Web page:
Here's a much more fun example of a QR code prank: http://fbcdn-sphotos-a.akamaihd.net/hphotos-ak-ash4/302963_1... (totally SFW of course)
The trivial technical solution is a QR code reader which tells you where you're going before it sends you there, which ZXing (the Barcode Reader for Android) and several iOS QR readers already do.
But anyhow, most URL shorteners offer an API to retrieve the long URL. You could implement that in your QR code scanner as well, for the most popular URL shorteners, to allow people to see where they will be redirected to.
Or perhaps what would be even more fun, is I could put download links for movies on their own posters.
I insist that I check all QR codes before they're sent out, and I scan them with 2-3 different QR scanning apps.
As another commentor mentioned, I often send our QR codes to a redirector URL - either a branded redirector service I built, or to a WordPress site with the redirection plugin, or even to it's very own domain name which is configured for forwarding.
Some of their MPU adverts had QR codes in them, and I called this out on Twitter telling them it was moronic to think that anyone would want to scan the QR code off an advert rather than just click it. Their response was that in their testing of many different adverts, the ones with QR codes were getting the best CTRs. They didn't know the reason for this, and neither do I - but it's interesting none-the-less.
I'd imagine that quirkiness of a QR code to the average user would pop-out of the page quicker and catch their attention faster than a normal image would.
(They were also tracking QR scans seperately, but didn't say how well that was going.)
So for example point the link to http://mysite.com/qr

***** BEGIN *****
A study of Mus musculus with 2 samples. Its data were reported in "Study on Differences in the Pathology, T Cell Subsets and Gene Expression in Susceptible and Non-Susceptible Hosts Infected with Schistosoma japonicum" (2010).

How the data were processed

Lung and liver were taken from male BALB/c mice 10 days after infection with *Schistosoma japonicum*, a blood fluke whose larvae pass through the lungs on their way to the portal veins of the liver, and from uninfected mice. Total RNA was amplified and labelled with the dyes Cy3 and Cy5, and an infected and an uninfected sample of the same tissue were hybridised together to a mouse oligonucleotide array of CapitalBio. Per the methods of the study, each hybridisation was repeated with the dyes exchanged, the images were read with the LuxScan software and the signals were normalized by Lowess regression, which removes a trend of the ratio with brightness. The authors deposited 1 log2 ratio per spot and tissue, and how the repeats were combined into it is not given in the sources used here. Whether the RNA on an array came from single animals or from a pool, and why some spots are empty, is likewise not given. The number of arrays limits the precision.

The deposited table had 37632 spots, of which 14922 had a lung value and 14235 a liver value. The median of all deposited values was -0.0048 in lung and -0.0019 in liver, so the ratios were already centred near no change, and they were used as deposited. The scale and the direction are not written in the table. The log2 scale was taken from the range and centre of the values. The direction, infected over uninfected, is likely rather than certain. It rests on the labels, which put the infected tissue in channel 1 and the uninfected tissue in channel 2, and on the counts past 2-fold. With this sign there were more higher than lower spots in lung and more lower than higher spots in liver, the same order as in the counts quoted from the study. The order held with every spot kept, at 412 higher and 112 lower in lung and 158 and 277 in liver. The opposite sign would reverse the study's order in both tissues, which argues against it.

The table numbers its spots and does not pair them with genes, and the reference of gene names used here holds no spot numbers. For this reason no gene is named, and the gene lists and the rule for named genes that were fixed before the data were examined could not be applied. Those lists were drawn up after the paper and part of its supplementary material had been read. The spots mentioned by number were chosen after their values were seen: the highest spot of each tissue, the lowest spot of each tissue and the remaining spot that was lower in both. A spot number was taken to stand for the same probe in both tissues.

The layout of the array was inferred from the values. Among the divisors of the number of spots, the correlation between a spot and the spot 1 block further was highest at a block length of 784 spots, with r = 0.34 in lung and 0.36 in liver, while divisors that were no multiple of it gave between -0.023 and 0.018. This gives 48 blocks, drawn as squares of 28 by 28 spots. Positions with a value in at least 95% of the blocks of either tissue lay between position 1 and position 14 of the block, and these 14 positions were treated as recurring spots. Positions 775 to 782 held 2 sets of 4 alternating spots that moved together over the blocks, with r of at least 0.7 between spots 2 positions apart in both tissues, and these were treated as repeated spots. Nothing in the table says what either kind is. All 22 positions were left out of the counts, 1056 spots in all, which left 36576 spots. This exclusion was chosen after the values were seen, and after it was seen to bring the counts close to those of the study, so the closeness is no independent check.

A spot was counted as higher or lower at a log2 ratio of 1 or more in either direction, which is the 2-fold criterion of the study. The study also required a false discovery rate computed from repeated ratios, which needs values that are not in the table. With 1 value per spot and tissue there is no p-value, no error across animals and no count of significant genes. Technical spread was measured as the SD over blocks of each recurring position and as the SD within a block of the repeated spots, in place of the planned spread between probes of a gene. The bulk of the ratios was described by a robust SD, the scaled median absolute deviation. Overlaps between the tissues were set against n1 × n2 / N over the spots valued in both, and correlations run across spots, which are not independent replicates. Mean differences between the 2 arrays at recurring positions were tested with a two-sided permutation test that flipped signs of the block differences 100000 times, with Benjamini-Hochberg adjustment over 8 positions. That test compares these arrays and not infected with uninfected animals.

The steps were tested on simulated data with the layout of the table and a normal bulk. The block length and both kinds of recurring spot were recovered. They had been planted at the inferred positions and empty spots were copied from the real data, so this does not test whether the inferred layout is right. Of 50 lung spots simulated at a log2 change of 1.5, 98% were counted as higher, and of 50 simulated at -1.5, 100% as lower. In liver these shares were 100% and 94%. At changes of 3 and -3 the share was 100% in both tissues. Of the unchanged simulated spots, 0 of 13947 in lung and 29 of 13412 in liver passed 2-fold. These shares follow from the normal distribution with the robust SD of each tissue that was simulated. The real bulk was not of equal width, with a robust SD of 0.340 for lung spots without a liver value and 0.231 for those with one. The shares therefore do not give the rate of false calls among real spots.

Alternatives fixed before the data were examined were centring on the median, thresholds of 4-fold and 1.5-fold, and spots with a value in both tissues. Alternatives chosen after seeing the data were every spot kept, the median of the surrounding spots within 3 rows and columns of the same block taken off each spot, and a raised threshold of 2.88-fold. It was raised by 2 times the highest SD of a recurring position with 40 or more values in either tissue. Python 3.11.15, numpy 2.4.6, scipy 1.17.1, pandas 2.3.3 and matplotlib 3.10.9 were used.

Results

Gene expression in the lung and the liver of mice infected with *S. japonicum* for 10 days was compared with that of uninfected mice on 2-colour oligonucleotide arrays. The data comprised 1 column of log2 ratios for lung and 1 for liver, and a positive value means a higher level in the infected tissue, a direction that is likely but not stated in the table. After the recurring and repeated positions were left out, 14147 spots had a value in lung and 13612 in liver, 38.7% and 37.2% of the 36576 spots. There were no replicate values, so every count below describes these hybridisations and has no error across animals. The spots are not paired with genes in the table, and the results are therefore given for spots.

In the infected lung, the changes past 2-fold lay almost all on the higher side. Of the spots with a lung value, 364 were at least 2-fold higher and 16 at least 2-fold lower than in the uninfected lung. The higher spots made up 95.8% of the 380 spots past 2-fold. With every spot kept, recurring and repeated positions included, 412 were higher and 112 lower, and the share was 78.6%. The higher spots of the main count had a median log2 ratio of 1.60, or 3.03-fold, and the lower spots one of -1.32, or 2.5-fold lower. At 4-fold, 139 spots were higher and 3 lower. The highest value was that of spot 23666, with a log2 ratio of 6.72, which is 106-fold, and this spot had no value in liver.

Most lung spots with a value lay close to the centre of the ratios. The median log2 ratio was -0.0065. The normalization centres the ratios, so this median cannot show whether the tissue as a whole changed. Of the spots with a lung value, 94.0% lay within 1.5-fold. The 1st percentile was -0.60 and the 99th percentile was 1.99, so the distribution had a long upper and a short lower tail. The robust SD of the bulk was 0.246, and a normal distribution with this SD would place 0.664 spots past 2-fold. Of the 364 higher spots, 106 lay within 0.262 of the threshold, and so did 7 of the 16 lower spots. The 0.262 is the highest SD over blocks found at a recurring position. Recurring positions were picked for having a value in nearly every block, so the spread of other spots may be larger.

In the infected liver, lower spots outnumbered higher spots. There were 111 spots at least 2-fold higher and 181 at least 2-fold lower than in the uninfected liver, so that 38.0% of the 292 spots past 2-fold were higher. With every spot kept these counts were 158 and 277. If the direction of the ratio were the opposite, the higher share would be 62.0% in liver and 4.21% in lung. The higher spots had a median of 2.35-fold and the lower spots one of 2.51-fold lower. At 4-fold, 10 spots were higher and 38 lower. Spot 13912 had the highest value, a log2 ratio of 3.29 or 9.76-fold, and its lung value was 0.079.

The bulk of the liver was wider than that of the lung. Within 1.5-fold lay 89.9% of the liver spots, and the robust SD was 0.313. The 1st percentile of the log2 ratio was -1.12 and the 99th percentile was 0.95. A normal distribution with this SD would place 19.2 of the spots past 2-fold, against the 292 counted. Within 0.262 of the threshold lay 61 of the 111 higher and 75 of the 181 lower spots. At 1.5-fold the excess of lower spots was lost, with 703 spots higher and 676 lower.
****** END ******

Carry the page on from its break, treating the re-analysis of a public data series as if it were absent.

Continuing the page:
where you have a little redirection-php file that you can edit at all time.
For the record, I agree with reviewing the URL before hitting it, but if the domain matches what I expect, I'd be strongly inclined to trust the rest.
Mix a QR with a little punycode and you easily can end up anywhere, even if you do (quickly) review the URL before the jump.
He sounds like he wouldn't do it on principle, but I don't understand the technical reason why he couldn't.
And even if he was willing to have his blog redirect to that other site, there's still the issue about all these other misprinted codes. If they point to $randomblog it's mostly funny. If they point (via the redirect) to $possible_competitor, it's much worse
There is no technical barrier to redirection. What he actually says is "What does that mean? I’m guessing they think I can somehow magically cause that QR Code (which they accidentally used in something printed?) to redirect to another URL. I don’t think they understand that the QR Code IS the URL."
Notice the word order. He's "guessing what they think", and his guess is that they think he can "magically cause the QR code to redirect to another URL" -- the object of the sentence is not his domain, and not his URL, but the QR code. (He's saying that they've phrased it as if there is a QR code database where the code must be looked up.)